Whenever black civilians become enraged enough by police violence toward black men to set fires, loot stores and throw things at police in riot gear, I become this old, conservative black lady who asks annoying, clichéd questions like, "Why are they destroying their own neighborhoods?"
I get my faculties back by reviewing how some media describe arson, looting and projectile-throwing by predominantly white crowds. I don’t do this exercise to condemn individual journalists, but the subtle differences in language and context that emerge are just too jarring to ignore.
Take these excerpts from an April 27, 2015 Associated Press piece that ran in the New York Times called "Riots in Baltimore Over Man’s Death in Police Custody." Keep in mind that Baltimore is predominantly black and most of images of unrest over Freddie Gray show black men in their late teens and early 20s:
Rioters plunged part of Baltimore into chaos Monday, torching a pharmacy, setting police cars ablaze and throwing bricks at officers hours after thousands mourned the man who died from a severe spinal injury he suffered in police custody.
…Earlier Monday, the smell of burned rubber wafted in the air in one neighborhood where youths were looting a liquor store. Police stood still nearby as people drank looted alcohol. Glass and trash littered the streets, and other small fires were scattered about. One person from a church tried to shout something from a megaphone as two cars burned.
Now, check out how the Times characterized the overwhelmingly white mass of Penn State students who tore up State College, Pa., because they were angry about about Joe Paterno—a leader who stood by as his assistant coach, Jerry Sandusky, sexually molested boys—getting fired.
The November 11, 2011 article is titled "Penn State Students Clash With Police in Unrest After Announcement" and describes rioters and their actions:
After top Penn State officials announced that they had fired Joe Paterno on Wednesday night, thousands of students stormed the downtown area to display their anger and frustration, chanting the former coach’s name, tearing down light poles and overturning a television news van parked along College Avenue.
…The demonstrators congregated outside Penn State’s administration building before stampeding into the tight grid of downtown streets. They turned their ire on a news van, a symbolic gesture that expressed a view held by many: that the news media had exaggerated Mr. Paterno’s role in the scandal surrounding accusations that a former assistant coach, Jerry Sandusky, sexually assaulted young boys.
So in Baltimore, "rioters" and "youths" are "plung[ing] the city into chaos," and drinking liquor they looted. In College Park, "thousands of students" are expressing their anger and making"symbolic gestures" like tipping over news vans.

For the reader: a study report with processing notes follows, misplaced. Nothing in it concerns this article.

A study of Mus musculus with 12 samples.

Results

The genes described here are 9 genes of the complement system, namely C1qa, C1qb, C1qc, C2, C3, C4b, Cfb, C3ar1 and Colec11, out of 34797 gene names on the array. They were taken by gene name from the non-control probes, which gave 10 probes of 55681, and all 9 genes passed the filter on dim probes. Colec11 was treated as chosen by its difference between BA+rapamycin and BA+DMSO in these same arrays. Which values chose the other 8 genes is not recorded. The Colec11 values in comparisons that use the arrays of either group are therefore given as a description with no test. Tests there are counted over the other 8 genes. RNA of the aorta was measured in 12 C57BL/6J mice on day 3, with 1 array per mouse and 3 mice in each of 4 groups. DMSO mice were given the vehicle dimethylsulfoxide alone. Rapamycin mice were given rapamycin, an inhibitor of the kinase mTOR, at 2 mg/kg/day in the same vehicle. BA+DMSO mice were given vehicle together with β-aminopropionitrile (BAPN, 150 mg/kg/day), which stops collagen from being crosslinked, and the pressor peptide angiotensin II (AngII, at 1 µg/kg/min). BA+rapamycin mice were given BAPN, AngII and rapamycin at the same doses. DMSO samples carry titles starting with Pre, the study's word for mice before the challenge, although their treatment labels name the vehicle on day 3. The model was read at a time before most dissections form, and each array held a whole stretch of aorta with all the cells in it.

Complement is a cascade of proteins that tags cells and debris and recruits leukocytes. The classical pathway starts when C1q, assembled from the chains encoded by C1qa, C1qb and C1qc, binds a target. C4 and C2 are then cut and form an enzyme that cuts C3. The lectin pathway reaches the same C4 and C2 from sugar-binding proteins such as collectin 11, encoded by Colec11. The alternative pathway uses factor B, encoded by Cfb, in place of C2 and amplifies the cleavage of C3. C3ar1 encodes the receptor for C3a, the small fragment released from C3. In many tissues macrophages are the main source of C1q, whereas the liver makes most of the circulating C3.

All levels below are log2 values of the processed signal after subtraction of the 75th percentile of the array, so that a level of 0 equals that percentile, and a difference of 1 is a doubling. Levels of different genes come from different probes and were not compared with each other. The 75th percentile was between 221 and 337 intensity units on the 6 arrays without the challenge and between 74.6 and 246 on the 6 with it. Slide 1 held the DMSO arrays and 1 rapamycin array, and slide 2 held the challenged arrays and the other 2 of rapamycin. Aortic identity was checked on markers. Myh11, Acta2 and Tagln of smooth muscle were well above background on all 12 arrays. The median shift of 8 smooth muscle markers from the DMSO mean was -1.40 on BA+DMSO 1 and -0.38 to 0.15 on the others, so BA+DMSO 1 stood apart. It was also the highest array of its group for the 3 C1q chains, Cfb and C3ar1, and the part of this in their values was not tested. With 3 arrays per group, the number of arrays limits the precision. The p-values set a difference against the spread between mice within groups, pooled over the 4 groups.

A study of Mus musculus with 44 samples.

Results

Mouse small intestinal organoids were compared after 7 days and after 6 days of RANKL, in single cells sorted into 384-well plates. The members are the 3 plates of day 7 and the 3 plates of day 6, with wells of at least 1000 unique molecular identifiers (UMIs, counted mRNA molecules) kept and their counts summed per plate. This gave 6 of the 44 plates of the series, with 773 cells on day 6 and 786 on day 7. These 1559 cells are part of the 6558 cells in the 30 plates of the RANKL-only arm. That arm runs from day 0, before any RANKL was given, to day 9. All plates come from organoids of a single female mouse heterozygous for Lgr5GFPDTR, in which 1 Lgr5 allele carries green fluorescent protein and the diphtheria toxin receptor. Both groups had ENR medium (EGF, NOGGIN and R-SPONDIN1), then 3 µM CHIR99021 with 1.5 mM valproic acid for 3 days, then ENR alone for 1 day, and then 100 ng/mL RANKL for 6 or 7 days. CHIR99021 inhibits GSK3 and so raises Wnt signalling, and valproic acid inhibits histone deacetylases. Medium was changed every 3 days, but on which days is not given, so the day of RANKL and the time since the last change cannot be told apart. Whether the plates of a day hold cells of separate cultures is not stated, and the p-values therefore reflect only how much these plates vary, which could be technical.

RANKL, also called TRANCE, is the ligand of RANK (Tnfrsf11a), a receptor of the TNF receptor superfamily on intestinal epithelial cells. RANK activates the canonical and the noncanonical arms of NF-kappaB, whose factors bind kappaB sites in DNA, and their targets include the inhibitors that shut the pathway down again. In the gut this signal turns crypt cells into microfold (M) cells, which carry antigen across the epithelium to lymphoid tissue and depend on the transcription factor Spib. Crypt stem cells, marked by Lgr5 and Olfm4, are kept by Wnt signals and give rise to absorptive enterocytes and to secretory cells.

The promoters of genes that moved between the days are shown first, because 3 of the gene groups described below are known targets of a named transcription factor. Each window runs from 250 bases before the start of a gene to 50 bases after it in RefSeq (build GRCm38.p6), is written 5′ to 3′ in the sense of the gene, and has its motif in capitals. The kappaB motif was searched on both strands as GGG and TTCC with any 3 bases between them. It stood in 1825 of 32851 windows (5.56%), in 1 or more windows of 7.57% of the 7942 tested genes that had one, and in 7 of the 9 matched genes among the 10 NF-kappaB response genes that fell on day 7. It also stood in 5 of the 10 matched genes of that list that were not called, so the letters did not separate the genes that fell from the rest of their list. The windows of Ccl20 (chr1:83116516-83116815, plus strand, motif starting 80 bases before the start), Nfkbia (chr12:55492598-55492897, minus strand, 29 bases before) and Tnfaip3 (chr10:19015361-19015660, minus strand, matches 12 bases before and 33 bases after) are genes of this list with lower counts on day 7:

Let’s try another one—a March 2015 Cleveland Plain Dealer story about that riot that mostly white Ohio State fans had to celebrate the Buckeyes championship win.
The piece, "Columbus police use of force against Ohio State crowds reveals training, communication problems," describes some 8,000 to 9,000 people breaking into the Ohio Stadium, throwing bottles at police, lunging at police, trying to lift police cruisers and setting at least 89 fires. About 200 National Guard members were called in:
Columbus police reported giving differing orders to a crowd of Ohio State fans celebrating January’s championship win before deploying pepper spray and tear gas, according to reports obtained by Northeast Ohio Media Group.
…"The one weakness in our plan, as Generation Xers planning for a Millennials event, was that we did not account for everyone to meet at a central location," stated Sgt. Smith Weir in his report.
…"Monday we were dealing with drunk, happy college kids with a handful of agitators just taking advantage of the situation," Weir wrote.
…Some in the crowd claimed they couldn’t hear the police’s demands to leave, [Commander Christopher D.] Bowling stated [in his report], so he suggested that his department purchase better amplification equipment. …
Compare that to this Associated Press story The Cleveland Plain Dealer ran on January 12, 2012 called "’White Only’ swimming pool sign violated girl’s civil rights, panel says."
...Racial discrimination has particular resonance in Cincinnati, whose population is 45 percent black, far higher than the rest of Ohio, which is about 12 percent black. Surrounding Hamilton County is 26 percent black.
Cincinnati was the scene of race riots in April 2001 when police and demonstrators clashed in a blighted neighborhood following the shooting of a black suspect by police.
A white Cincinnati landlord posts a sign that says "Public Swimming Pool, White Only" at his complex’s pool to bar a black girl from "clouding" the water with her hair products and that’s "discrimination." The April 2001 unrest over a police shooting of a black man amounts to "race riots."
The "racial discrimination has particular resonance" among Cincinnati’s black population. But the purposeful, proudly racist landlord literally takes things back to Jim Crow segregation, but racial discrimination doesn’t resonate with him?
And then, of course, there’s the infamous "who’s a looter?" captions from Hurricane Katrina coverage.
Now I admit that this level of examination does leave me vulnerable to becoming that big-word butchering guy from "In Living Color."
But at the same time, as my late, beloved aunt Kinyozi Yvette Smalls used to say about 15 times a day: "Words are powerful."
If they weren’t, everybody would be using same language.